Manolo Blahnik may make it into countless photos via his shoes, a staple of the rich and famous, but the designer is less comfortable standing in the spotlight by himself.
“I am very critical of me, I’m very hard on me, actually, I can’t stand my face, and I was not very good in the film,” the designer said Thursday night before a screening of “Manolo: The Boy Who Made Shoes for Lizards” at the Frick Collection in New York. For what it’s worth, the designer is even more critical of his designs. His main takeaway from Michael Roberts-directed documentary of his life?
“I really discovered that I should not be filmed again. That’s it,” he said. “My thing is shoes. All this nonsense of film and exhibitions, like, it’s OK, yes it’s a part of the whole thing I understand, but…it’s torture for me — torture, torture.”
Several of the designer’s nearest and dearest fans came out to show their support, including his niece and Manolo Blahnik ceo Kristina Blahnik, Bianca Jagger and Carolina Herrera, who sat beside him for the screening. Blahnik noted that he had spent the past week — New York Fashion Week — working, and isn’t so interested in engaging in the fashion week circuit.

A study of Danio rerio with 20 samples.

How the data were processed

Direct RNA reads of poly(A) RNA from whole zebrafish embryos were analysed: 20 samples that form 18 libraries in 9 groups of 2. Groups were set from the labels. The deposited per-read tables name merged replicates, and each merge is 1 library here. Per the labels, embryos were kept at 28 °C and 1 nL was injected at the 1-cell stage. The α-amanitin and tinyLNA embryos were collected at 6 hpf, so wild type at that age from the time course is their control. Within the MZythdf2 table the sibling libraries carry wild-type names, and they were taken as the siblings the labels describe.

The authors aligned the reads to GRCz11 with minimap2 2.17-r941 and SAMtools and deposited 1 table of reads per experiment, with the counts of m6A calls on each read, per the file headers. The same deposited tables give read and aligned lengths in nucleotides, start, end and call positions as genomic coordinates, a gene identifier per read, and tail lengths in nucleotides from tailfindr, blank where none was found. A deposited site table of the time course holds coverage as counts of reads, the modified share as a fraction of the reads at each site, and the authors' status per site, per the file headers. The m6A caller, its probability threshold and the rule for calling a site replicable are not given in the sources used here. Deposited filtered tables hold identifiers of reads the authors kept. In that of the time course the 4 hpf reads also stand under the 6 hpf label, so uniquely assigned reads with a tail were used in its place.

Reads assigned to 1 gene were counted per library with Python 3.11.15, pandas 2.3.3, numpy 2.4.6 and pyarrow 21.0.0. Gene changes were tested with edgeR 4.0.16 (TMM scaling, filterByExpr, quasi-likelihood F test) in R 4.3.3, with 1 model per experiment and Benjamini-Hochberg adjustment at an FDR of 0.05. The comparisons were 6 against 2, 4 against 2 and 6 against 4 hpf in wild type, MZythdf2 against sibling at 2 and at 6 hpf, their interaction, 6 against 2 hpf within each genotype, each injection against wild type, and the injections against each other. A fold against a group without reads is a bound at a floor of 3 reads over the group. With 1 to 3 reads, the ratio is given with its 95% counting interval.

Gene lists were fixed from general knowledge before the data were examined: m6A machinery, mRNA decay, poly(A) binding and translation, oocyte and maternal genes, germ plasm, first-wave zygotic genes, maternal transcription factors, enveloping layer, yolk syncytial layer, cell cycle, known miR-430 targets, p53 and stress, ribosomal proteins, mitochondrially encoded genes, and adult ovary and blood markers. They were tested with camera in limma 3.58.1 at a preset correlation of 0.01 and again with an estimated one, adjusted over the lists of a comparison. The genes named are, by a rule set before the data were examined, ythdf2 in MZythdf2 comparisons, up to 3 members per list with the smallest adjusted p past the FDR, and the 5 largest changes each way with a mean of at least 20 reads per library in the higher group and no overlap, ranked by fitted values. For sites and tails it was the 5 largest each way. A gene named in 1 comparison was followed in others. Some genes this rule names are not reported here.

“Maybe I go out to something like Azzedine Alaïa — I still love those old boys. Or very young talented ones. The people in the middle, all those people are going nowhere,” he opined. “Somebody called me, ‘Do you know this guy? He’s wonderful.’ Then I saw [the designs] in the Times and I said, really? This is what happens when you become a little bit veteran — I don’t bulls–t anymore, I just say what I want to say.”
Iris Apfel, who has also been the subject of a documentary — the late Albert Maysles’ last — ignored the unspoken footwear dress code for the night, opting to instead wear shoes of her own design. Nonetheless, she could recall her first pair of Manolos.
“It was back in the dark ages,” said the stylish 96-year-old, although she wouldn’t call out a favorite pair. “It’s like asking who is your favorite child,” Apfel added.